Posted on Oct 13, 2016 by


Where do you work and what is your current title?

I work at Shyp as a Senior Product Designer.

Please tell us a little bit about yourself & your background.

I’m originally from Russia. I graduated as Software Engineer and spent a few years building products. Eventually I got into design and never looked back since then. I also enjoy traveling & photography and I currently work on a project that involve both of these.

When did you first realize you wanted to be a designer?

I don’t think I can recall the exact moment but it was around the time the first iPhone came out. I thought to myself – wow, I want to design UI for this thing!

What was your first design job? Any interesting stories about how you broke into the field?

Funny enough, it was an application for translating strings into multiple languages – so it had a lot of table based UI. This might sound super boring for an aspiring designer and more exciting for an engineer, but I figured I can make it look and function the way it will valuable to the user. And I did. Since then I love designing all sorts of dashboards and internal tools that use data.

Please describe a normal day at your current job. What’s the workflow like? What are your primary responsibilities?

I currently work at a startup so a lot of what I do is defining the product. I work closely with my team of PMs, Engineers, QA, Copywriters, Marketing, Ops to create one holistic experience for our users. I’m also responsible for defining the visual direction for our products and building style guides that will be used by designer and engineers when working on new features. I also drink a lot of coffee.

Are there any memorable war stories, client interactions or close calls that have taught you something important about how things work?

Of course! One of my favorite moments is meeting John Maeda (while working at Twitter). One of the inspiring things he said was that the most exiting feeling is to do something other people are saying you can’t do. It stuck with me.

What’s a common mistake you often see entry level designers make? What are some tips to avoid or overcome it?

I think a lot of junior folks are trying to do too many things at once, not focusing on what’s important and not setting clear goals on what they want to achieve. It is too tempting to take on a million projects and try to prove to everybody (and yourself) that you can do it. But in my mind what is more important is to learn and in order to do this you need to focus. Focus is one of the most important skills a professional should possess.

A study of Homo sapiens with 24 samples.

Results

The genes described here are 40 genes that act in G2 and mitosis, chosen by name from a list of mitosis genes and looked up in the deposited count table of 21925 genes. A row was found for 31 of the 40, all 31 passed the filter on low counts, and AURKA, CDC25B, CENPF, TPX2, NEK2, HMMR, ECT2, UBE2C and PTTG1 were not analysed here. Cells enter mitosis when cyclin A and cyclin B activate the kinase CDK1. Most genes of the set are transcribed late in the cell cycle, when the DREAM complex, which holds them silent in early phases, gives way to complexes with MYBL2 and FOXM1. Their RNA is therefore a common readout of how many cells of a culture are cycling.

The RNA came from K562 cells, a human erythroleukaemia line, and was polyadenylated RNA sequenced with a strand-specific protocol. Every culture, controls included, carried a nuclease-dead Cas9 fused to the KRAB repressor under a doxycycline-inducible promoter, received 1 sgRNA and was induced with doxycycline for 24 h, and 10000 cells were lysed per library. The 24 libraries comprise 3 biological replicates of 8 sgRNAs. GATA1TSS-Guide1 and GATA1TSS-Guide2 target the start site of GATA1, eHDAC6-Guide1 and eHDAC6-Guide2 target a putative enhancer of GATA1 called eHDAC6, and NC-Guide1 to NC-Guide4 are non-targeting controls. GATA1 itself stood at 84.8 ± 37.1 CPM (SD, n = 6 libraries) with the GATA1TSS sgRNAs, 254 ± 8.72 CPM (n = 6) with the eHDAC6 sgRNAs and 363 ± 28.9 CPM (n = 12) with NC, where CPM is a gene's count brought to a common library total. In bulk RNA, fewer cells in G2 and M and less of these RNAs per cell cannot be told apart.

Any industry sites or blogs you read on a regular basis, or anything else you read for inspiration?

Obviously, I keep up with Product Hunt, Medium and leading design blogs like Google Design, AirBnb design, etc. But I also suggest to diversify the reading list to keep things interesting.

There’s something new and amazing coming out every day. What’s something awesome you’ve seen recently that you’re dying to share, or something you’re excited about?

There are some big things coming up at Shyp – we’ve been working hard on a new product that is about to be launched! I was the lead designer on it and can’t wait to see it out in a wild especially since early feedback from user testing came back super positive.
I’m also super excited about my personal project I’m working on. It’s called Oak & Fog ( and I’m planning on launching it by the end of this year.

What advice would you give to someone trying to break into the industry?

Learn. The world is designed, either by humans or by nature and you can absorb this knowledge by looking around and analyzing why certain elements exist in the way they do.

What do you think is the future of your industry?

I believe it will be an essential part in defining on how people interact with each other, as well as our lifestyles. That’s why the role of digital design is extremely important. And a lot of this is on us, designers, is to define the future of it.

You can follow Julia on Dribble, Instagram, LinkedIn, and Twitter.